Audits: Montebello Blew $31M On ‘Frivolous’ Promo Items, Golfing, Vegas
MONTEBELLO (CBS) — City officials in Montebello wasted $31 million in public funds on questionable expenditures,including funds meant to improve blighted neighborhoods spent instead on fancy dinners in Las Vegas, golf, embroidered polo shirts and other “frivolous” items, according to the state controller’s office.
Two audits released Thursday pointed to more bad news for the city as officials look to secure private funding to avoid running out of cash this fall — all amid an ongoing FBI investigation into allegations that it misused federal housing money.
The city of 65,000 east of downtown L.A. has a annual budget of an estimated $50 million.
“At the expense of local job development, street repair, and schools, Montebello has made it a habit to tap legally restricted funds to cover its budget and cash shortfalls,” Controller John Chiang said in a statement quoted by The L.A. Times. “It appears that the City moved money wherever it wanted, whenever it wanted, regardless of the law or the intended purpose of those taxpayer dollars.”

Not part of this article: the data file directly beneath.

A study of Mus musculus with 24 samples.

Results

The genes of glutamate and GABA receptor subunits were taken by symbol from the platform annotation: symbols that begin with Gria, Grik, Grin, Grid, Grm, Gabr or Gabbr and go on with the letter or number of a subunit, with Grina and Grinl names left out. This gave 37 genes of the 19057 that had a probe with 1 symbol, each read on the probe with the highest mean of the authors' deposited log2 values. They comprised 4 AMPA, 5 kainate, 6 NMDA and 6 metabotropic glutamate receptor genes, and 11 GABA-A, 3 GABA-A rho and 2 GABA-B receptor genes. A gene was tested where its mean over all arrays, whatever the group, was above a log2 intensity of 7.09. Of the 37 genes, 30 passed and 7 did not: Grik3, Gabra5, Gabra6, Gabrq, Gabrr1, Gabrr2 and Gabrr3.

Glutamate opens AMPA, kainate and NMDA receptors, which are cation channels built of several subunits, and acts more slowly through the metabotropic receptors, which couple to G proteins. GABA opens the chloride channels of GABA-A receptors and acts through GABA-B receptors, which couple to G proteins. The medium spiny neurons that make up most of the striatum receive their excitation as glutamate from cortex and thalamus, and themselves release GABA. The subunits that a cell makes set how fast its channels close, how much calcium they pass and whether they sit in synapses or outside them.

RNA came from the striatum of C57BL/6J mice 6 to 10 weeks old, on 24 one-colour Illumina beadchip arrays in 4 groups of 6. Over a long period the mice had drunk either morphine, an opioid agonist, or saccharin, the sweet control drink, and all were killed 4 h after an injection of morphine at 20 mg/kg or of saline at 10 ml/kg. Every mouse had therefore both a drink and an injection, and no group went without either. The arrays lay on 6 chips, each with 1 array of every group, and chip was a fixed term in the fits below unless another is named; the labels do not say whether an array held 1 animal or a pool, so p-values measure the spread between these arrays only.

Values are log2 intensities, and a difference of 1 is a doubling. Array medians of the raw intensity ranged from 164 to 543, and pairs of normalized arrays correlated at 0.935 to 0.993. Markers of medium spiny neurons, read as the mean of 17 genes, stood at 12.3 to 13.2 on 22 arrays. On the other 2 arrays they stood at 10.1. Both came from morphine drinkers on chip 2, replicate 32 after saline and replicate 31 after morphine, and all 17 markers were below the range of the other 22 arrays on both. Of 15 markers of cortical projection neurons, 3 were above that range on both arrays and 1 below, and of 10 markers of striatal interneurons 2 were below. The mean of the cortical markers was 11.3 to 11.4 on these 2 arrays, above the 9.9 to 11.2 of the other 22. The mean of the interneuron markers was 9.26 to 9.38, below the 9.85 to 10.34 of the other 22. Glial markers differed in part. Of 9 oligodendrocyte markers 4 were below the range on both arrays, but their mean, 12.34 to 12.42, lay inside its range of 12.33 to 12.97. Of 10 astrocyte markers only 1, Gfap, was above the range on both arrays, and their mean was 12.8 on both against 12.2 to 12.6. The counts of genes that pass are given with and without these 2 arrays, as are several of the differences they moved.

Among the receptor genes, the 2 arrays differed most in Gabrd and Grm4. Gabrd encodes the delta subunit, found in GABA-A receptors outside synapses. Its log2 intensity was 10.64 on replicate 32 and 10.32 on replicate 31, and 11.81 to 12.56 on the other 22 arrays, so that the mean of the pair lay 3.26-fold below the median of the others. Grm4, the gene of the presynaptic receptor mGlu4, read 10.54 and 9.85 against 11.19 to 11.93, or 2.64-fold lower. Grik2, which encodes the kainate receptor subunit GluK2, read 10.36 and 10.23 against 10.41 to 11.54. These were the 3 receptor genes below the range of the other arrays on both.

“This is money that belongs to the people,” former Montebello city councilman Jeffrey Siccama told KCAL9’s Dave Bryan. “We’re not a rich city, but these were for projects to help the city boost itself and further itself.”
Siccama, a longtime community activist, said he saw a powerful developer getting insider deals with city officials, who gave away millions of dollars in so-called forgivable loans that don’t have to be repaid if certain conditions are met.
The state controller’s office called on Montebello to reimburse its redevelopment agency nearly
$3.6 million for “ineligible expenditures,” including $3.4 million in transfers to the general fund, as well as golf games and travel for city officials.
Among the questionable charges: a “business lunch” at Chuck E. Cheese’s.
If the city has to repay the money, its financial picture could worsen since it is low on cash and has been called on to repay the federal government for misspent housing funds.
But Interim City Administrator Larry Kosmont downplayed the findings and accused the controller of playing politics by mentioning the developer loans.
“The failure of Montebello isn’t about corruption or anything like that,” said Kosmont. “I think these findings, some of them are right, most of them are inappropriate in my mind.”
Kosmont added the City Council is making progress in reforming the way the city reports its financial dealings, which he admitted has been “sloppy in the past”.